SAN FRANCISCO — Local politicians are reacting to the death of Chinatown power broker Rose Pak on Sunday at the age of 68.
San Francisco Mayor Ed Lee: “I join all of San Francisco in mourning the death of community leader Rose Pak.
“Rose and I have been friends for more than 40 years, and I am among a great many people whose lives were touched in a profound, positive way by this extraordinary woman.
“This is a great loss to the city as a whole, and the Chinese community in particular – a community that Rose served, supported and fought for, often fiercely, her entire adult life.
“From her time as a trailblazing reporter for The San Francisco Chronicle, right up to the present, with her fierce advocacy for renovating public housing in Chinatown, Rose battled on behalf of the poor, of immigrants, of women. Along the way, she managed to shepherd the transformation of the century-old Chinese Hospital into a gleaming new, $160 million, 21st-century facility, and to help make the new Central Subway a reality, connecting Chinatown with the rapidly expanding southeastern portion of our city.
“Rose was tough as nails; she swore like a sailor; she was fearless; and she was relentless, sometimes painfully so. But it was always in service of the cause she most believed in: uplifting her community.
“She could be rough-and-tumble, and in four decades of close friendship and civic work together, she could be tough on me, too. I have the bruises to prove it. But despite it, at her core, Rose was motivated by love. Love of family, love of friends, love of community, love of city.
“Nobody talked the talk like Rose Pak, but let’s not forget, nobody walked the walk like her either. I will miss her dearly, as will our city.
“There will never be another Rose Pak, and the city of San Francisco will shine a little less brightly as a result.”
The mayor ordered flags in the city to be flown a half-staff and City Hall was bathed in white light in Pak’s honor. (Her last name means “white.”)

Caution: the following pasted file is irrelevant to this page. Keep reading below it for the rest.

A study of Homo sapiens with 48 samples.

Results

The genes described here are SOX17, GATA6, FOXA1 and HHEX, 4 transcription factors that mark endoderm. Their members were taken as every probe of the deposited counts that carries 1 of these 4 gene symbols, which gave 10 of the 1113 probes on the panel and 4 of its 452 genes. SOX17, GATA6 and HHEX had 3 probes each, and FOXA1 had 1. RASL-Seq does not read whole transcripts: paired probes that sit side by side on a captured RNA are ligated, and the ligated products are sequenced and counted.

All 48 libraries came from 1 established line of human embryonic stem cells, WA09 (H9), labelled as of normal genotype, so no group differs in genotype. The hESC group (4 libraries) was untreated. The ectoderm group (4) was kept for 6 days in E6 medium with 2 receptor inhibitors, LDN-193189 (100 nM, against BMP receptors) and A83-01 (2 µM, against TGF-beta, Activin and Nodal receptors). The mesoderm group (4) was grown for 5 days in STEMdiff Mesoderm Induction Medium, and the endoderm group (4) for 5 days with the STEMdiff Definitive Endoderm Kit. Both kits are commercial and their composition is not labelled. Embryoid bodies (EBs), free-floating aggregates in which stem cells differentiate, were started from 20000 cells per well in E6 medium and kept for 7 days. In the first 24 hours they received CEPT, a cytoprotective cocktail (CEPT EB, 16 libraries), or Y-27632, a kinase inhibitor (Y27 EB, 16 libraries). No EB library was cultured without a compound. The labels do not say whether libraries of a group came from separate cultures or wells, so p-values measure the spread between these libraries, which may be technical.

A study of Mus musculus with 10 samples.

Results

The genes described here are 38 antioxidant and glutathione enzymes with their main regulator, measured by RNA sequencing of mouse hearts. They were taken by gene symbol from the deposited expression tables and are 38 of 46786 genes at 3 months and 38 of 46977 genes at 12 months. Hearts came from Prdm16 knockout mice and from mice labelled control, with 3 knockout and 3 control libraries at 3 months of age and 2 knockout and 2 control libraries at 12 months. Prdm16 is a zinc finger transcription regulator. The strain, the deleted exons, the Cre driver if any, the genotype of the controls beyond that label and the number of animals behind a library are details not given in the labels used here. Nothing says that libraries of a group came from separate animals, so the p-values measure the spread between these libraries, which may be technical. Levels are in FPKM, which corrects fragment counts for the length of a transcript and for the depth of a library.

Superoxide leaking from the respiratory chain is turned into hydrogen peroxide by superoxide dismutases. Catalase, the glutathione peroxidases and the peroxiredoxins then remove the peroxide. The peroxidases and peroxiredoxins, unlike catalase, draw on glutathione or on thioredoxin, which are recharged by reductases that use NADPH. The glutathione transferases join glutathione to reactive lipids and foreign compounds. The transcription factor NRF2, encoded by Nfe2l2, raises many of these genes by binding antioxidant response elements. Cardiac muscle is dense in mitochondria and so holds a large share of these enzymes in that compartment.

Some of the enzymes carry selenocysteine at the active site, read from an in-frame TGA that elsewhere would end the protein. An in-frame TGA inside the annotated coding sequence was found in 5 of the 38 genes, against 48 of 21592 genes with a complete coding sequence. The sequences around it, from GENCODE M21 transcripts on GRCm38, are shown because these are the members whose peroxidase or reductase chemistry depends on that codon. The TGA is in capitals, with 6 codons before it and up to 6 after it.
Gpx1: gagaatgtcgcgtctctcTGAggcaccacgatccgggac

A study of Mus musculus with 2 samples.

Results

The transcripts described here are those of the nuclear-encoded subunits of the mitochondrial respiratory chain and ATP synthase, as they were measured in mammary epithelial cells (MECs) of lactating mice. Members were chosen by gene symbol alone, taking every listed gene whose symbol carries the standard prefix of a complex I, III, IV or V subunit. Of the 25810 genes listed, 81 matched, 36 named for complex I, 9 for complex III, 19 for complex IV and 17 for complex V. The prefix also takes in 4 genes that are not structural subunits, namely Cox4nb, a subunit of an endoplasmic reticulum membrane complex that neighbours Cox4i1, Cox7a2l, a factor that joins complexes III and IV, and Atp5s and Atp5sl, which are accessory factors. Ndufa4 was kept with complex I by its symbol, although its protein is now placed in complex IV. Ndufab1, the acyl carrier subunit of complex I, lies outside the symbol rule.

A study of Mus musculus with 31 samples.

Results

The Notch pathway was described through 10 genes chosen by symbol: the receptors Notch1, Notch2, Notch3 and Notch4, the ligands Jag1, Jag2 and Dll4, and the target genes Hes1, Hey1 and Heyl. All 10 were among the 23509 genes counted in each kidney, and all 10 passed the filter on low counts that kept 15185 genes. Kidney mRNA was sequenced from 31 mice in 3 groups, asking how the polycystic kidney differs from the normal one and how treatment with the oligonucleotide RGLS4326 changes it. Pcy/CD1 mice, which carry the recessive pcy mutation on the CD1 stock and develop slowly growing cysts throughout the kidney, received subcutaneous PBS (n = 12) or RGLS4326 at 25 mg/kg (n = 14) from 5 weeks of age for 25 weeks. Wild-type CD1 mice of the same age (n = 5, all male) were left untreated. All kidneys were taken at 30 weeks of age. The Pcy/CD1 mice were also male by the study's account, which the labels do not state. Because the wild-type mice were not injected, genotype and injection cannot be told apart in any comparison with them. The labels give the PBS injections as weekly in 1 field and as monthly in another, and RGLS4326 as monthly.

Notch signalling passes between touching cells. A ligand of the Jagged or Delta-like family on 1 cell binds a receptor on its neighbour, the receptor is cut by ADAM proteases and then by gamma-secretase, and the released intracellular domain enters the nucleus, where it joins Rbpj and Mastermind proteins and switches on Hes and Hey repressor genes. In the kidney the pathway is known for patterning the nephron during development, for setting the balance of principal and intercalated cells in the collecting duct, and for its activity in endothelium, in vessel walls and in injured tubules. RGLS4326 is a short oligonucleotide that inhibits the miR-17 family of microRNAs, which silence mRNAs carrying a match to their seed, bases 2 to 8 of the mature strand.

San Francisco Supervisor Jane Kim: “I could not imagine San Francisco without her. This is my first morning waking up to a San Francisco without Rose Pak.
“She is called a force of nature — she wielded influence and power without money or a position.
“But what is most misunderstood about her is what drove her. Yes, she is good at the sport — she’s tough as nails and relentless in her advocacy.
“But she wasn’t driven by the sport, she was driven by her heart. She loved thoroughly and hard, she was so in love with her community, she could only work and fight with every inch of her body. She pushed and exhausted her heart every day. What drove each call, fierce zinger, curse word was a deep-seated love rooted in every cell her body — for our fixed income seniors who live in SRO hotels, our immigrant families who survive on minimum wage income and the merchants on Stockton Street who labored to succeed and serve Chinatown.
“She fought for beautiful parks for our children to play in, she willed our new Chinese Hospital beam by beam and ensured a Central Subway for our many residents who don’t own cars and must take public transit, and she made the rebuilding of Ping Yuen, Chinatown’s only public housing, a monumental task, a reality against all odds. And she knitted so many of us together to ensure we all fought with her.
“As an Asian American woman, I am so lucky to be surrounded by women like Rose and my mom — they are the strongest and most passionate women I know. They kick ass every day and never take a day off.
“She passed away in her home in Chinatown by the hospital she helped to rebuild because it served those who have the least amongst us.
“She already rests in power — she knows no other way. She also rests in love. She gave her heart completely — she truly has left her heart in San Francisco.”
San Francisco Public Defender Jeff Adachi: “Rose Pak started her career in S.F. as a journalist for The S.F. Chronicle covering the Hall of Justice crime beat … and rose to one of the most feared, courted, intelligent, charming, funny and now revered San Francisco political powerhouses; deep down, in my experience, she cared deeply for her community and the poor and needy who benefited from her largess. RIP.”
Assemblymember Phil Ting: “Extraordinarily saddened and shocked by the loss of Rose Pak. I just sat down with her a few weeks ago. She looked tired but in much better health after her operation. She spent her whole life fighting for our community and those most in need. She leaves a huge void in the Chinese American community and will be missed.”